The power of colleges of education

Tertiary students  during registration PIC: MORERI SEJAKGOMO
Tertiary students during registration PIC: MORERI SEJAKGOMO

Colleges of education train students to be the future teachers of the nation; here they study for the Diploma in Secondary or Primary Education (DSE/DPE), writes GRAHAME MCLEOD*

TONOTA: However, unfortunately, some of our colleges of education have, in recent years, closed down – Lobatse and Francistown  being examples. And in those remaining colleges, intake of students has been cut back resulting in much smaller class sizes and lecturer teaching loads. One reason given for the development is that we now have sufficient teachers in our schools. Yes, that might be true if classes continue to be overcrowded with numbers of students of classes exceeding 40 being the norm. This is a pity since teachers are the backbone of the education sector and classes need to be smaller in order for effective teaching to take place.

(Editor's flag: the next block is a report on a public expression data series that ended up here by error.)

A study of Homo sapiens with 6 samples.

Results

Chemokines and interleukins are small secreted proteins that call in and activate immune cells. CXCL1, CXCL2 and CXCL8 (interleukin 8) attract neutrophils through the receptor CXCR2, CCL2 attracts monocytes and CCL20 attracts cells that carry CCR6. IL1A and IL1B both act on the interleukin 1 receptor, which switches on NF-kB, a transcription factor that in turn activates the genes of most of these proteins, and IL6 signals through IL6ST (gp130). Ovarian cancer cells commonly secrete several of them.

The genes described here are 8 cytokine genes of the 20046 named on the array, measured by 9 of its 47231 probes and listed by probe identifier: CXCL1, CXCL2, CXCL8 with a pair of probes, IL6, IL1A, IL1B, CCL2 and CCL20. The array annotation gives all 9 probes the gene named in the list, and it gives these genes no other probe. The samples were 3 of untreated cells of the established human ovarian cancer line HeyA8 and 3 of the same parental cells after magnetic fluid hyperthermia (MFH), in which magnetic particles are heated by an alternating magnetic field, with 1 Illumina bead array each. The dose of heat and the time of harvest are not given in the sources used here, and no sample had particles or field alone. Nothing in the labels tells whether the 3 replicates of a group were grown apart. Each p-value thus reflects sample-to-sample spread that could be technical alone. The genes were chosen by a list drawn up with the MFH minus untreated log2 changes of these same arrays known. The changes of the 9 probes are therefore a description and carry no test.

I have lectured at Tonota College of Education (TCE) for several years. Here students are trained specifically to teach in our junior secondary schools. Twenty years ago, Year Three students would know, before they left college where they would be posted the following January. But these days, it is a different story – graduates now have to compete with each other for the few jobs available. The best that most graduates can hope for now is a temporary teaching post at a junior secondary school where a teacher might, for example, be on maternity leave. So, the message is clear – we need to reduce class sizes and so employ those graduates who are at present without a permanent job! Our student teachers are unemployed, not because their training was irrelevant to the needs of the education system, but rather for other reasons.